For years the Live Optics server/virtualization assessment, Optical Prime, has been a standard in the IT community for helping to gather and share server configurations and performance data.
For Microsoft Windows OSes this data is gathered through the Windows Management Instrumentation (WMI) interface. WMI is a standard management interface and is accessible in almost every environment as many systems tools would also use this interface.
Multiple instances of Microsoft SQL Server can be installed on a single machine and inside those instances, there can be one or many Databases.
This can make it difficult to gather data such as total capacities of the actual database files, performance metrics or backup status as a regular Windows Admin. DBAs often maintain the security of the SQL Database and, in larger companies, the Windows Admins and the DBAs are most likely not the same person.
Live Optics supports two methods of collecting data from a SQL instance; through Dynamic Management Views (DMV) and WMI.
The DMV method will require dual authentication depending on how the security is established, but once authenticated to the SQL Instance, all the detailed information of SQL Server can be brought to life.
Currently, this method will only create a project focused on the configuration of the SQL Instance.
As typical in Live Optics, the resulting data from the DMV model will be saved into a .SIOKIT file. These files are the proprietary Live Optics extension and are fully encrypted to protect their contents.
Alternatively, Microsoft SQL also publishes configuration and performance data through WMI. This is effectively Perfmon data for SQL, but this means that these metrics can be gathered without dual authentication and in the normal course of discovery for any supported Windows operating system.
This is a much more efficient process since Live Optics can document these details without additional user interactivity and therefore this is considered an “auto-discovery” service.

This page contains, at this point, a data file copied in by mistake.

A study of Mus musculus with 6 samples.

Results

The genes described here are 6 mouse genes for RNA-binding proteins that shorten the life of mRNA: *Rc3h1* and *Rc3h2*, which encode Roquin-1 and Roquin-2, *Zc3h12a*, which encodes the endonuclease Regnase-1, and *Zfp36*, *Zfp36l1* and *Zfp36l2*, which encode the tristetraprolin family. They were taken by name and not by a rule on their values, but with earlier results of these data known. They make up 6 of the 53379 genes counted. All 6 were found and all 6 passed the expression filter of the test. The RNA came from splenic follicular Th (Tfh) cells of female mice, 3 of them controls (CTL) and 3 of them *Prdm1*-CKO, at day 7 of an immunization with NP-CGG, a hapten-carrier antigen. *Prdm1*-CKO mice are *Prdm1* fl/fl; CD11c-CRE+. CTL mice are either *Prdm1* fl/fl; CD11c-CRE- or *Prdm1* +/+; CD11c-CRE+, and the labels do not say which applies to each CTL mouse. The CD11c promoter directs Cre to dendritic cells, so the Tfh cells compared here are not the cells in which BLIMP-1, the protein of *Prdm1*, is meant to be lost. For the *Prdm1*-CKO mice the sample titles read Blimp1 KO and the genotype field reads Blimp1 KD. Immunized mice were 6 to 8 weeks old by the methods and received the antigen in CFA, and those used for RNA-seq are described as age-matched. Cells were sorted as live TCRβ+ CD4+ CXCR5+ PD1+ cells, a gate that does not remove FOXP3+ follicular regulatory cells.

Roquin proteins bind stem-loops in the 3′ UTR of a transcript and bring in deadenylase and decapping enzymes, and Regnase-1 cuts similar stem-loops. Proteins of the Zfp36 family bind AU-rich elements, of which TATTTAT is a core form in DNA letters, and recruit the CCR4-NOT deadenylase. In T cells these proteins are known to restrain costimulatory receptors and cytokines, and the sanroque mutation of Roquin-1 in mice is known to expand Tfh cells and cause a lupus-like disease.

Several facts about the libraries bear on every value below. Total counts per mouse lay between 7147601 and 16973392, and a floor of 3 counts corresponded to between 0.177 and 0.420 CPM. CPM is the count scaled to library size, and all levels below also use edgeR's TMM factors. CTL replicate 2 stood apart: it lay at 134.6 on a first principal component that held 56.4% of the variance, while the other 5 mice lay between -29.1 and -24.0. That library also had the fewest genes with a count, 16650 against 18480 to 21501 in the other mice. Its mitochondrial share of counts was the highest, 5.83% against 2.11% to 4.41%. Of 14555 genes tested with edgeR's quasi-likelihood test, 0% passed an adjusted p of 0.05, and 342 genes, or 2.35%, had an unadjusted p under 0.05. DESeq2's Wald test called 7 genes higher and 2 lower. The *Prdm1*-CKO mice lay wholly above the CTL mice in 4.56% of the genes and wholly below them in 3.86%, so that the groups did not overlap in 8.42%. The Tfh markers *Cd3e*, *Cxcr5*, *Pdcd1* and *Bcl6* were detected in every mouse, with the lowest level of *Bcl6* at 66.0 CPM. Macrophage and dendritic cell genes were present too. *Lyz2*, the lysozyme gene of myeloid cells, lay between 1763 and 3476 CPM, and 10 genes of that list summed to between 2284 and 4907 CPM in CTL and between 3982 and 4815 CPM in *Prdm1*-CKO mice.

The auto-discovery service through Optical Prime will only invoke the discovery of SQL Instances when the settings are selected to allow the data to be “streamed” or sent immediately to the Live Optics Portal. This is done to ensure that the instances are correctly tied to the corresponding server project.
Even while streaming, .SIOKITs are created as a failsafe. In the circumstance where networking connectivity to the portal is dropped mid-collection, but the collection itself completed successfully, there will be one .SIOKIT for the server(s) collection itself. However, every SQL Instance encountered will also have its own .SIOKIT that is identified by [SQL-]+[Servername or IP address-]+[instance name].siokit syntax.
Live Optics currently only allows the upload of one .SIOKIT at one time by using the “Upload SIOKIT” feature of the Collector. Simply start the collector, select Upload SIOKIT and follow the prompts to return the files for processing.
Streamed Optical Prime projects that auto-discovery SQL Instances will have a “SQL Server” tab that is automatically generated. This tab will show the links to all the associated SQL instances discovered in that collection as well as providing a “pop-out” for each Instance’s dedicated project page.
On rare occasions, a SQL Instance project may have been deleted or might become un-linkable for various reasons. These pop-out links will become grayed out and no longer active.
Projects that need to be created due to manual upload of an .SIOKIT will not be auto-linked to its corresponding Optical Prime project. These projects can be easily viewed by clicking on “View Projects” from the Dashboard, filtering by SQL Server to narrow the assessment types shown to just Microsoft SQL Server.